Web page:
How to Buy Your First Home

By Ebony Porter, June 29, 2018, Moving

Are you ready to take those first steps to buying a first home? It’s exciting to say the least!

Since this will be the most expensive item you’ve ever purchased, you need to carefully consider navigating finances and your family’s needs.

Read this simple home buying guide and use our tips for first time buyers to help you to scope out how to buy your first home and land in the best place possible.

How to Buy Your First Home | Bounce Energy Blog

1. Review Your Financial Health

Resist the temptation to start looking at online home listings until you’ve sat down and taken a look at what’s in your bank account, your savings in particular, and how healthy your credit rate is.

You need to have enough emergency savings to sustain your bills for 3-6 months should anything happen, so keep this in mind when looking at the numbers.

These days it’s expected that you will put down 20% of your home’s value before taking out a loan with the bank. Once your monthly expenses are accounted for in contrast to what you’re bringing in each month, be sure you have at minimum the amount needed to cover a mortgage, on average 1.5% of what your home costs.

2. Look for First Time Buyer Bonuses

There is often assistance for first time home buyers in the marketplace. A simple search online should yield current results as to what is being offered.

You can also talk to your local banker to see if there are financing options for first time home buyers.

3. Find Your Lender

The best place to start with finding a lender is by talking to the bank you do business with. There are many realtors who won’t spend time with clients that haven’t seen a clear picture as to what they can spend.

Oftentimes too, sellers won’t consider an offer if it’s not accompanied with a mortgage pre-approval. Start with the folks you know, and see where the conversation takes you.

4. Shop Around for a Mortgage

When taking the big step to buying your first home, you want to obtain the lowest percentage rate possible for the long-term investment. Therefore, don’t take the first lending option that’s given to you.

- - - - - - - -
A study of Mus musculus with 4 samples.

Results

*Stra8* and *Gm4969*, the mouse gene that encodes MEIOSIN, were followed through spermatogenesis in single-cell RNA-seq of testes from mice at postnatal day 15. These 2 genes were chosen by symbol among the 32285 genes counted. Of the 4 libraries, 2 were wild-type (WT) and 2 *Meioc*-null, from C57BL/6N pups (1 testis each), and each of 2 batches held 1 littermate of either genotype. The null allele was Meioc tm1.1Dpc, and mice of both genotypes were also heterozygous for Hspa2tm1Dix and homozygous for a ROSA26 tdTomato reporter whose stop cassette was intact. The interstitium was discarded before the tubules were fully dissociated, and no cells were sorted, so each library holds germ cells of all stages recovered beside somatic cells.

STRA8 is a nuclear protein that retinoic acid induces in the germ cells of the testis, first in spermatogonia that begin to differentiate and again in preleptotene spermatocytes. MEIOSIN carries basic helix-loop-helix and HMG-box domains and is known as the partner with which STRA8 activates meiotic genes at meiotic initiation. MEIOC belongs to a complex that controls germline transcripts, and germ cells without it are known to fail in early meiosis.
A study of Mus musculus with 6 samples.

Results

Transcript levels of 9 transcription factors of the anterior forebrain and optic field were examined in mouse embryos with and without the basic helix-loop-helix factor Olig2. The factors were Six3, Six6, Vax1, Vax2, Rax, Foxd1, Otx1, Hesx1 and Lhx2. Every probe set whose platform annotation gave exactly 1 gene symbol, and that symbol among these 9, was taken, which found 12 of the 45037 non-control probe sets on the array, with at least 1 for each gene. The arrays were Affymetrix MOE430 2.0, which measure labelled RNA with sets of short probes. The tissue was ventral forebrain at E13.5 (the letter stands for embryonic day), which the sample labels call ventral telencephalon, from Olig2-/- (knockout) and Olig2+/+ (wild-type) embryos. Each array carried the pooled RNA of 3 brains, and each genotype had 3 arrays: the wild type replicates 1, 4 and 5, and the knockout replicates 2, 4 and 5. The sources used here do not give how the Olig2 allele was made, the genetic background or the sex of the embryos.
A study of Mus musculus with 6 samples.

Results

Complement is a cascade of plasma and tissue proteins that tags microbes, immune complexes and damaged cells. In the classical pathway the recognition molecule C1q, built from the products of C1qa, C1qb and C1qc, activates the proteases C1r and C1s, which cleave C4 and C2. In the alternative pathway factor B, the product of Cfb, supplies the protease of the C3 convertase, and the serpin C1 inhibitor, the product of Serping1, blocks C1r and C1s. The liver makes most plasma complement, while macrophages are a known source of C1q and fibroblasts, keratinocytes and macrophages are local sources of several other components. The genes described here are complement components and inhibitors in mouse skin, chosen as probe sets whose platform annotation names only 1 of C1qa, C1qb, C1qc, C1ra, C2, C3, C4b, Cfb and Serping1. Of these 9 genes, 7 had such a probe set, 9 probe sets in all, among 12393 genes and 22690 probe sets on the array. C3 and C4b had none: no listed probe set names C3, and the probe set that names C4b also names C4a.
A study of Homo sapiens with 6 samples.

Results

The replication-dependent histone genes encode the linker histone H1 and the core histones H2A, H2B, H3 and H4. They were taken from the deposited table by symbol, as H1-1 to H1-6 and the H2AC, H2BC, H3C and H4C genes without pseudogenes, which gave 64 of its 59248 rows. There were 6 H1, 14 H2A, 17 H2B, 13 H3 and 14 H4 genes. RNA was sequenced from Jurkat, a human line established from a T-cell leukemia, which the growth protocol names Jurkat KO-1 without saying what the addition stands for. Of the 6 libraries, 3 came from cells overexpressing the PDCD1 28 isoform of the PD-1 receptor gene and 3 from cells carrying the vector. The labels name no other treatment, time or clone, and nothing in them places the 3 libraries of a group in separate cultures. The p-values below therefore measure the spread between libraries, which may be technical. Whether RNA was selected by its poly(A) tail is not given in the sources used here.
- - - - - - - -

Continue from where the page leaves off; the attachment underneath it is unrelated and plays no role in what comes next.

Shop around and talk to other banks to compare what they can offer you versus your bank. It’s better to see a full spectrum of the financing that is available to you rather than to take the first option offered.

How to Buy Your First Home | Bounce Energy Blog

5. Find Real Estate Agent

The best way to find a real estate agent is to talk to your network of friends or family. This way, you get a direct insight into how they work, and where their strengths are.

When it comes to buying your first home, you want someone to help you charter those waters with ease. Set up a meeting with someone that’s recommended to you and if you don’t click, keep shopping around. There are plenty of agents that are ready to meet you where you’re at and to connect with you on a more personal level.

6. Choose A Neighborhood

This could be one of the most exciting aspects of shopping for your first home! If you have children, you’ll want to look for desired schools zoned to that particular neighborhood.

If walking on trails or to a local cafe is important to you, then seek out these amenities. Keep in mind that the further away you go from the city proper, the less you’ll pay.

But you’ll also want to consider how far you’ll need to commute to work and whether there is a possibility in that neighborhood to use public transit to get to work.

Another consideration is energy efficiency. Homes with energy efficient appliances, windows or other features may be more expensive upfront, but may save you money in the long run.

7. Consider Your Home Improvement Budget

Once you’ve found a property you’re in love with, crunch your numbers again. When it comes to creating our home improvement budgets, we often overlook updates, small items that might need to be fixed, yard transformations and general upkeep. Include these fixes in your budget and see where you’re at.

8. Schedule a Home Inspection

The final step in buying your own home before singing the papers and arranging for the movers is to order a home inspection. This is crucial to know exactly what major repairs you’ll be facing, and see if there is any leverage in the price.

If there are major foundation issues, for example, then it’s possible you’ll be able to negotiate a lower cost with the seller to offset the cost of repairs. Your home inspection will also tell you whether there are invasive insects to be concerned about, whether tree roots are imposing on your foundation and other major safety and structural concerns for the house.

While buying your first home seems daunting, being prepared will make the process smoother and easier. Find the right agent, get your financial ducks in a row and within no time, you’ll be sitting in your living room enjoying a cup of coffee in your own home!